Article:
31 Dec 2018
Over the holidays, I found a Chromebook that Samsung had given me to evaluate about six years ago and which had been gathering dust ever since. Coincidentally, Laura’s sister Annie had just told me that she needed a laptop. Hmm… Well, there was no way I was going to give her a Google spy device, so I decided to liberate the Chromebook from Google’s surveillance-based operating system (ChromeOS) and gift it to her.
Now, you would think given how people just love to harp on about how damn open Google is, that this would be easy to do. Just install a lightweight Linux distribution and be done with it, right?
Oh, you poor, naïve, dear. No, not even close.
Instead, what you have to do is to physically open up the computer, short a pair of jumpers to disable the write protection and flash the firmware with something that isn’t designed to stop you from protecting yourself from Google’s surveillance machine.
Google is closed
Google is anything but open and Chromebooks are not computers; they are corporate surveillance devices. A Chromebook is an inexpensive data milking device and you are the cow.
It’s no coincidence, for example, that they have tiny hard drives. Why do you need local storage when you can just put all your data on Google’s machines and use Google’s services for everything? And what if you decide to foil Google’s cunning plan and install a larger hard drive? Computer says, “no!” You can’t. Why? Because “security”, of course. Wink, wink!
Similarly, you cannot install a different operating system. And if you have the gall to try and dual boot, you are greeted with a nag screen on every boot. Why? Because “security”, of course. Nudge, nudge!
Giving the owner of a computer control over who can and cannot update the hardware or operating system is a valid security concern. Giving the manufacturer such control and making it as difficult as possible for the owner isn’t.
If Google really cared about people’s security, they’d have designed Chromebooks to ship with hardware keys which, when inserted, would enable the hardware or software to be updated. Boom! Problem solved. And they wouldn’t have designed a malicious firmware that tries to get you to revert to factory defaults on every boot once you’ve modifed your own system. This is one of the most owner-hostile features I’ve seen yet in a piece of consumer technology. But then again, you never really own a Google Chromebook… it owns you.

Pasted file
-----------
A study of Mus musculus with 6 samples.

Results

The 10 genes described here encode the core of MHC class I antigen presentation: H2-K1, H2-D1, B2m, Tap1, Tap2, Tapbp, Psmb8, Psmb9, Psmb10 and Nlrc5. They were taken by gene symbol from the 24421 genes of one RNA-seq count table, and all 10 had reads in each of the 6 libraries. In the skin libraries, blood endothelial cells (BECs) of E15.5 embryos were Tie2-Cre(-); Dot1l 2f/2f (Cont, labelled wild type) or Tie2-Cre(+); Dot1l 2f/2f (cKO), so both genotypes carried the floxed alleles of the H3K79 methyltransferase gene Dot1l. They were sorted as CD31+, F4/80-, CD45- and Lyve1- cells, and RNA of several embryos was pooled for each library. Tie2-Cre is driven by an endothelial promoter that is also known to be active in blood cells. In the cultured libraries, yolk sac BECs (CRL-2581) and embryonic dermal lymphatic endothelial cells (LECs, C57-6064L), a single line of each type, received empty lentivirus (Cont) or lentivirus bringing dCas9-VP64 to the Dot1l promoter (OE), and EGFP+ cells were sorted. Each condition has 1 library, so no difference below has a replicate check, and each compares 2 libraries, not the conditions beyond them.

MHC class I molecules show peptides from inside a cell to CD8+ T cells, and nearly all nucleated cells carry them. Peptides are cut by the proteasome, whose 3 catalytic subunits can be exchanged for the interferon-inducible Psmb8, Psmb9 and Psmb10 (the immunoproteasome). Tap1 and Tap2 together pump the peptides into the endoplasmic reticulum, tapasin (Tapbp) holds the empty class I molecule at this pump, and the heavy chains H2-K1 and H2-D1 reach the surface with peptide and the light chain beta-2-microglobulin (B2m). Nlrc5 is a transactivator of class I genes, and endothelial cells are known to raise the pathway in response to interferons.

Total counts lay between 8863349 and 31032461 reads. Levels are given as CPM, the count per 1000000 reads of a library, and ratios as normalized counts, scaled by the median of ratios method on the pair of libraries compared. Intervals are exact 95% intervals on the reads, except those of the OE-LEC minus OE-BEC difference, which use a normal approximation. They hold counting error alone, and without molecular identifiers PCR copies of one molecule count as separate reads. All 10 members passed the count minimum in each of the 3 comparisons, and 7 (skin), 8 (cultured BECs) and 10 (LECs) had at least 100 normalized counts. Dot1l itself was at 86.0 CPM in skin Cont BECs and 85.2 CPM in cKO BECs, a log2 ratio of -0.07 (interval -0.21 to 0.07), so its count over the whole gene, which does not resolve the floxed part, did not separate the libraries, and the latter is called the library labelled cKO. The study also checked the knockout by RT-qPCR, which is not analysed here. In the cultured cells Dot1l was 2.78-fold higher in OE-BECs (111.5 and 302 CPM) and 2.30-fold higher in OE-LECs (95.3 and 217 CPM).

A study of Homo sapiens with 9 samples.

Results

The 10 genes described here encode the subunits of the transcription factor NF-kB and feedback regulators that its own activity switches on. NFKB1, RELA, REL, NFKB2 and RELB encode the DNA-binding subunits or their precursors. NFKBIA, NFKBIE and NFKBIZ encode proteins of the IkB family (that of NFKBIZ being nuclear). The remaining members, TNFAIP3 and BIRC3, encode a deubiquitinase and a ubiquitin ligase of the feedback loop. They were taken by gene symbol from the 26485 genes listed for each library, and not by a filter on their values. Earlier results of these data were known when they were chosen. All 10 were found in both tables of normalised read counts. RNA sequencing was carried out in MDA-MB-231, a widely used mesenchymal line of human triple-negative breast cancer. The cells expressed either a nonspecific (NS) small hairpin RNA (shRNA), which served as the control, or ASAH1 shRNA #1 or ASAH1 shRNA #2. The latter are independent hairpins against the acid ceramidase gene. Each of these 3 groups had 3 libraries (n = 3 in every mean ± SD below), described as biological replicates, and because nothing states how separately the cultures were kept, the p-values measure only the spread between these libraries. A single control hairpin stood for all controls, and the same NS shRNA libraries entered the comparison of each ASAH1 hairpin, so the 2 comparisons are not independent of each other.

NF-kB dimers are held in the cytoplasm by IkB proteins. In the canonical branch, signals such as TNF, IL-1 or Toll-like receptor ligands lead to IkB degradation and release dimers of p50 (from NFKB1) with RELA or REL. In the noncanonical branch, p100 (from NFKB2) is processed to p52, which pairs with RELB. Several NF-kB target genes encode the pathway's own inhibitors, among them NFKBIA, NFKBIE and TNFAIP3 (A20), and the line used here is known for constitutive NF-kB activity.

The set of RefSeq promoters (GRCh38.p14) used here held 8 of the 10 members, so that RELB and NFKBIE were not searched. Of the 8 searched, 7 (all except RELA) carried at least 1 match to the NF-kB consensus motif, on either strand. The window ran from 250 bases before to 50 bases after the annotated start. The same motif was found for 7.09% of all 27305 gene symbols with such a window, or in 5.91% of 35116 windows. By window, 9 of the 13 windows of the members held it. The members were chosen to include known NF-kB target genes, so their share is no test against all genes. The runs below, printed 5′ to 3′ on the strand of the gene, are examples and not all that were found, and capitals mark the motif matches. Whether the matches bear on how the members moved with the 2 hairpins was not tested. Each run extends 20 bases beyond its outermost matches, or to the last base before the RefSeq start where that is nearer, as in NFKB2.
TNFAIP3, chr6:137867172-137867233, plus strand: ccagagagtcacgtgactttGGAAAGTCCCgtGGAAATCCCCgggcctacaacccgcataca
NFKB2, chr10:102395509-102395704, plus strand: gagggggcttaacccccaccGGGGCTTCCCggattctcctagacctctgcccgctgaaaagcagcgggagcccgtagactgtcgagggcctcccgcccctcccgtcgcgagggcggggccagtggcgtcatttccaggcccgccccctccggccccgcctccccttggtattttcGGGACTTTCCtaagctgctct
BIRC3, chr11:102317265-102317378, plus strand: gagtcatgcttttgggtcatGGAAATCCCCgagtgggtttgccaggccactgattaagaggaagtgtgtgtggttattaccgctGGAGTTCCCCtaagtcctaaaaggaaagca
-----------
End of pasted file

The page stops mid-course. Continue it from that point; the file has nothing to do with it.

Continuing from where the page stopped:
How to liberate a Chromebook
Here are the instructions for liberating a Samsung Series 5 550 Chromebook (lumpy) and installing GalliumOS on it:
Push the developer switch to the right. This is a small switch at the back of the laptop on the right-hand side.
Place the laptop on its lid and disconnect the battery by sticking a paperclip into the battery disconnect hole.
Remove all eight screws using a Phillips screwdriver. Four of the screws are hidden under the pads for the feet, so you will have to remove those first by gently prying them loose using a small flat-head screwdriver.
Pry open the lid by sticking a small flat-head screwdriver in and gently moving it all around the edges. You will hear clicks as the plastic clamps come loose.
Locate the write protect jumper and short it. The way I did this was to find a small flat-head screwdriver and stick it into the plastic head of the jumper. I put non-conductive tape under and above the screwdriver to make sure it didn’t short anything else.
Put the cover back on (but don’t clamp it shut) and start up the machine. You will see a scary warning screen. Press CTRL+D. Once ChromeOS boots, press CTRL+ALT+T to get to Crosh and type
shellto drop into a terminal running Bash.
sudo -s, followed by
flashrom --wp-disable. You should see a success message. If you don’t check that you’ve disconnected the battery and that your screwdriver is properly shorting the right jumper.
Install SeaBIOS (Full ROM):
cd;bash <(curl https://johnlewis.ie/flash_cb_fw.sh)
Reboot. If you see the SeaBIOS screen, then you can turn the computer off, remove the screwdriver, and close the computer up.
Prepare a USB key with GalliumOS on it. Insert it into your USB slot and reboot. You will need to download the Sandy / Ivy Bridge version of Gallium OS. You can burn it to a USB key using a tool like Etcher.
Your computer should boot into the GalliumOS installer. Follow the instructions to set up your free and open operating system and you should find yourself the proud owner of a fully-liberated Unchromedbook.
Enjoy having the freedom to do what you want with your own machine without being tracked and profiled by Google.
On the machine I prepared for Annie, I ended up covering up the corporate branding with some colourful unicorn and cloud stickers I found at the local stationary store.